I see you already have an answer based on the device physics. I'll answer that this means in a circuit.
BJT (bipolar junction transistors) do work in reverse, at least somewhat. Generally, the characteristics aren't as good, particularly the gain. However, in most cases you still get some gain with the collector and emitter swapped.
I've actually had circuits where I accidentally installed a transistor backwards, and they worked. In that case, the circuit was tolerant of the lower gain. Circuits that require closer to the minimum guaranteed gain probably wouldn't work.
How a BJT works in reverse also depends on its geometry. Planar construction, like that shown by Joel Reyes Noche, doesn't work so well in reverse. That is because it is well optimized for charges in the base to make their way to the collector. Remember that the gain is the reciprocal of those that don't make it to the collector (go to the emitter instead). If you were to flip the collector and emitter, you can visualize how the system would be less efficient, meaning not quite such a large fraction of charges in the base would make it to the collector.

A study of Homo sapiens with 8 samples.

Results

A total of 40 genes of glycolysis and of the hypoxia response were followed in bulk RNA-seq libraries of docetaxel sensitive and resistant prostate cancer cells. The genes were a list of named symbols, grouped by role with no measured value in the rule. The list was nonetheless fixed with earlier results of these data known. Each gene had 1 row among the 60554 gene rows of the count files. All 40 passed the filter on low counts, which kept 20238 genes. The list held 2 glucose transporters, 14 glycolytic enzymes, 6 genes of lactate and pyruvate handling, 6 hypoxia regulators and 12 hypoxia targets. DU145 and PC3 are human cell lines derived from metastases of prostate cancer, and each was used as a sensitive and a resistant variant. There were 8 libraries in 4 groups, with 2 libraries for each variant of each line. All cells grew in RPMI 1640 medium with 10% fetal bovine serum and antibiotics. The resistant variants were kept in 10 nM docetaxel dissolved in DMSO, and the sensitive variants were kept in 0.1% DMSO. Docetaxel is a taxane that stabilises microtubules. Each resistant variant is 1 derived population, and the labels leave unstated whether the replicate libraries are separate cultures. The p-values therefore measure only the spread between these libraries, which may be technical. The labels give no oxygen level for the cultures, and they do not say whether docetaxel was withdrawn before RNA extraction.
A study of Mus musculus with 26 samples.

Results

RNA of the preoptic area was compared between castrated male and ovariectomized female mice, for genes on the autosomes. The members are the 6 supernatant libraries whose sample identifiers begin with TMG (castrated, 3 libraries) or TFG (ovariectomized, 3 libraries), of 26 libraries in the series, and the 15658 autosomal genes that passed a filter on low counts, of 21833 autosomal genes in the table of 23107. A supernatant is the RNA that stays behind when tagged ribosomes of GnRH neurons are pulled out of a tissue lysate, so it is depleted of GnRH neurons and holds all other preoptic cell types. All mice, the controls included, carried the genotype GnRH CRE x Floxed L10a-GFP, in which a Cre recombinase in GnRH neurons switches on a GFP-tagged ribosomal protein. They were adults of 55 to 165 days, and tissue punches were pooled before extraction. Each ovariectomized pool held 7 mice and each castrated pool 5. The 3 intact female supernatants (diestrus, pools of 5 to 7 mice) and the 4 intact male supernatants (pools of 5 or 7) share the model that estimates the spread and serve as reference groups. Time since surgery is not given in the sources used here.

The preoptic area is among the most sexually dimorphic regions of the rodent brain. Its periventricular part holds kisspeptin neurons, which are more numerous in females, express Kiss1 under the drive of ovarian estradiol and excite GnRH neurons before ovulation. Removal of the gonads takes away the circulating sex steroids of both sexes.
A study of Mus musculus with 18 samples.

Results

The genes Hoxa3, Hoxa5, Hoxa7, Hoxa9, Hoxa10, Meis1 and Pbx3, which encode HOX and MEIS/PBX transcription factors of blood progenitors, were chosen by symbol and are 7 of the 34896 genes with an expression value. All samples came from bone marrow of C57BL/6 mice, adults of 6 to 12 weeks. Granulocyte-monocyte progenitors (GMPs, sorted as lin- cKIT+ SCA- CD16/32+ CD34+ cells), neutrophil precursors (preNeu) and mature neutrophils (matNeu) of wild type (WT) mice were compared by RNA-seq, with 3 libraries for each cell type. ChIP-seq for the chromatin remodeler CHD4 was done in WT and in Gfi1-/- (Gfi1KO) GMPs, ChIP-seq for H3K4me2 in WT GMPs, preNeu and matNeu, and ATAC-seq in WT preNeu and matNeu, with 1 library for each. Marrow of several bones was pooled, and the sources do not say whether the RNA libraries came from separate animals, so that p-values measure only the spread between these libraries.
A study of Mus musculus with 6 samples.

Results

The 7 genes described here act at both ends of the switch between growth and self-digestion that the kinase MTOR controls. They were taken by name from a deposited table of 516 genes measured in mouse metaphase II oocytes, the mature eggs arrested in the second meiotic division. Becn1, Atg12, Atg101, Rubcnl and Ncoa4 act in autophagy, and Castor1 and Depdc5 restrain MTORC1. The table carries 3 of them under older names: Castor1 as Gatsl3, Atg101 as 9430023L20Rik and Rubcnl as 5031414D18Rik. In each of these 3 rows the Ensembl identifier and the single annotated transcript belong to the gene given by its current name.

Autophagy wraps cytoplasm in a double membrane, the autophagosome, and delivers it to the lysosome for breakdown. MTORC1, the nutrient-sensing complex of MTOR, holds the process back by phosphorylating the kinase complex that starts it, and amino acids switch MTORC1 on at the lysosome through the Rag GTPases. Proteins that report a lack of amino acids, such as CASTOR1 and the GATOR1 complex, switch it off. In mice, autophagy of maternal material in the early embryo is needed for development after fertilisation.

In a more simple NPN or PNP sandwich, reversing the transistor won't matter as much.
I naively assumed that all transistors of the same type have essentially identical characteristics; after all, unlike for other components, there seem to be no numbers written for them on circuit diagrams.
I'm not sure what you mean by "type". NPN versus PNP, or more specific, like 2N3906 versus 2N4401. In any case, there are many many individual models of transistors. These vary between each other in gain, maximum C-E voltage, maximum C current, highest usable frequency, power dissipation capability, pinout, package, and other parameters.
Any decent schematic absolutely will show the particular transistor model, or it will be accompanied by a BOM (bill of materials) that does. Such things must be specified to be able to build the unit.
Schematics that are only intended to conceptually show a circuit, like what may be posted here on this Q&A platform, might not always specify a particular model when that's not relevant to the concept. You can't build something like that, though, without somehow picking a model for each transistor.